Review: Tyler Childers goes his own way again, in triplicate

October 5, 2022 GMT
This cover image released by Hickman Holler Records/RCA Records shows "Can I Tae My Hounds to Heaven" by Tyler Childers and The Food Stamps. (Hickman Holler Records/RCA Records via AP)
This cover image released by Hickman Holler Records/RCA Records shows "Can I Tae My Hounds to Heaven" by Tyler Childers and The Food Stamps. (Hickman Holler Records/RCA Records via AP)
This cover image released by Hickman Holler Records/RCA Records shows "Can I Tae My Hounds to Heaven" by Tyler Childers and The Food Stamps. (Hickman Holler Records/RCA Records via AP)
This cover image released by Hickman Holler Records/RCA Records shows "Can I Tae My Hounds to Heaven" by Tyler Childers and The Food Stamps. (Hickman Holler Records/RCA Records via AP)
This cover image released by Hickman Holler Records/RCA Records shows "Can I Tae My Hounds to Heaven" by Tyler Childers and The Food Stamps. (Hickman Holler Records/RCA Records via AP)

“Can I Take My Hounds to Heaven?” Tyler Childers, (Hickman Holler Records/RCA)

Tyler Childers does what he wants when he wants, and while he’d like you to buy his music, he probably doesn’t care what you think. His last album followed two best-selling country records with an utterly non-commercial deep dive into traditional Appalachian melody.

So it comes as no surprise that on his latest offering, “Can I Take My Hounds to Heaven?” the red-headed Kentucky native has something different in mind. Or that he does it with fearless exuberance.

This time Childers has taken eight songs about faith and produced each three different ways. There’s the straightforward “Hallelujah Version,” featuring his fabulous touring band, the Food Stamps. There’s the “Jubilee Version,” which dials up the production with boisterous horns, background vocals and over-the-top attitude. And there’s the “Joyful Noise Version,” an eclectic set that mixes spoken-word samples ranging from Andy Griffith to Thomas Merton with rhythmic, off-the-wall sonic experimentation.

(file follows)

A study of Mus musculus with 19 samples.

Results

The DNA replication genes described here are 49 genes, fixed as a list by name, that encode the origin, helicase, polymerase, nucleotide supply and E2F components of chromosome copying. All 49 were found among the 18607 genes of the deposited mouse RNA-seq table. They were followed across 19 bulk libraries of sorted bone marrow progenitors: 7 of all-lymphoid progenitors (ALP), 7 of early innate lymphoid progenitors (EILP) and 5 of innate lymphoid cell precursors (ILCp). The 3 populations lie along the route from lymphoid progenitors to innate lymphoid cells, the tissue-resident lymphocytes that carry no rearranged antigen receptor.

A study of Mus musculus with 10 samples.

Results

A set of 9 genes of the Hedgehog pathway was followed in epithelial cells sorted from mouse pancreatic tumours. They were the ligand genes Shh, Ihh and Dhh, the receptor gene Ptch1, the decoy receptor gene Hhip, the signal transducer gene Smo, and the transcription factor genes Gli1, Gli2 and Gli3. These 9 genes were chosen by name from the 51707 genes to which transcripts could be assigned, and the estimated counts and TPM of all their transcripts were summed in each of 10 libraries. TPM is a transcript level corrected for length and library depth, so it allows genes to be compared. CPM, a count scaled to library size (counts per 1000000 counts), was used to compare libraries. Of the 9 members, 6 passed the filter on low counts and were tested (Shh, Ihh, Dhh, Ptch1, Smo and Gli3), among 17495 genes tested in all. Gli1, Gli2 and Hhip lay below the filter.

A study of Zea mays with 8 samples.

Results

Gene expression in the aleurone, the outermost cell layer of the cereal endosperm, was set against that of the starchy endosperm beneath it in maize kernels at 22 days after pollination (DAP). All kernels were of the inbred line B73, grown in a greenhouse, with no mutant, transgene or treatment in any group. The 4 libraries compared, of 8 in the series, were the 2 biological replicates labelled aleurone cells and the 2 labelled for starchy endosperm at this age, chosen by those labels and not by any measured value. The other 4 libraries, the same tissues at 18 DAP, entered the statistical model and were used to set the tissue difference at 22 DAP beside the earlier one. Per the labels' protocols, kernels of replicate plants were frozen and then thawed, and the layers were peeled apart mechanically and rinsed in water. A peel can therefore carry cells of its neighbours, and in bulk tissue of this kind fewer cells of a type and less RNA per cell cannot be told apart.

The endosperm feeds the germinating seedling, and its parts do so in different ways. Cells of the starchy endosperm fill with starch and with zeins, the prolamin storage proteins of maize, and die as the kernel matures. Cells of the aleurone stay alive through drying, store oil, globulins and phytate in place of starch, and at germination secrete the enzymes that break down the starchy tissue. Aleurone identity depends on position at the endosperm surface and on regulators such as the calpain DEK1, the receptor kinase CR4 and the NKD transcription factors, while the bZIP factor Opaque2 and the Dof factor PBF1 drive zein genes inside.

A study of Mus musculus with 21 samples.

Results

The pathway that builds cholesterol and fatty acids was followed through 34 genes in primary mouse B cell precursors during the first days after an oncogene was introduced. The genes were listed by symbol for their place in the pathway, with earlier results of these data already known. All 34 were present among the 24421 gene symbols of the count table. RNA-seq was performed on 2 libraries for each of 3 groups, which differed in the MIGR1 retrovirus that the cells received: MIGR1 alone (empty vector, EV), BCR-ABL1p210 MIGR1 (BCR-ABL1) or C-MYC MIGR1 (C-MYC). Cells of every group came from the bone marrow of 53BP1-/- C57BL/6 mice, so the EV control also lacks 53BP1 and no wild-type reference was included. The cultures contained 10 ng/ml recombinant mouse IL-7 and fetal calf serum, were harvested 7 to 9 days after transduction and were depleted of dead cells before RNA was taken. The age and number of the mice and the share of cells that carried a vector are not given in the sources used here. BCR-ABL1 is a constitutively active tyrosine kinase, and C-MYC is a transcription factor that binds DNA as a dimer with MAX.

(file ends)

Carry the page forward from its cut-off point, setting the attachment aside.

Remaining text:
The repeat takes give the album a behind-the-curtains feel, offering intriguing glimpses into the creative range of Childers and his band. Still, Childers might’ve had a more compelling album if he’d made some painful choices.

The Hallelujah versions are generally the best because his band is so sure-footed, though at times the “Jubilee” takes are soaring — on a song called “Angel Band” in particular. A couple of the “Joyful Noise” takes might have worked better in a mix, but including all eight here feels indulgent. The best of them might be the muscular, anthemic jam-session take on “Heart You Been Tendin’,” but it would’ve had more power as a closer if we hadn’t already heard the same song twice.

But that brings us back to where we started. Childers probably doesn’t care what we think. He’s fine going his own way as one of country music’s most compelling and unpredictable artists, saying his piece about faith. He’ll bring us all along if we care to join him, but he knows where he’s headed — and it turns out to be another wild ride.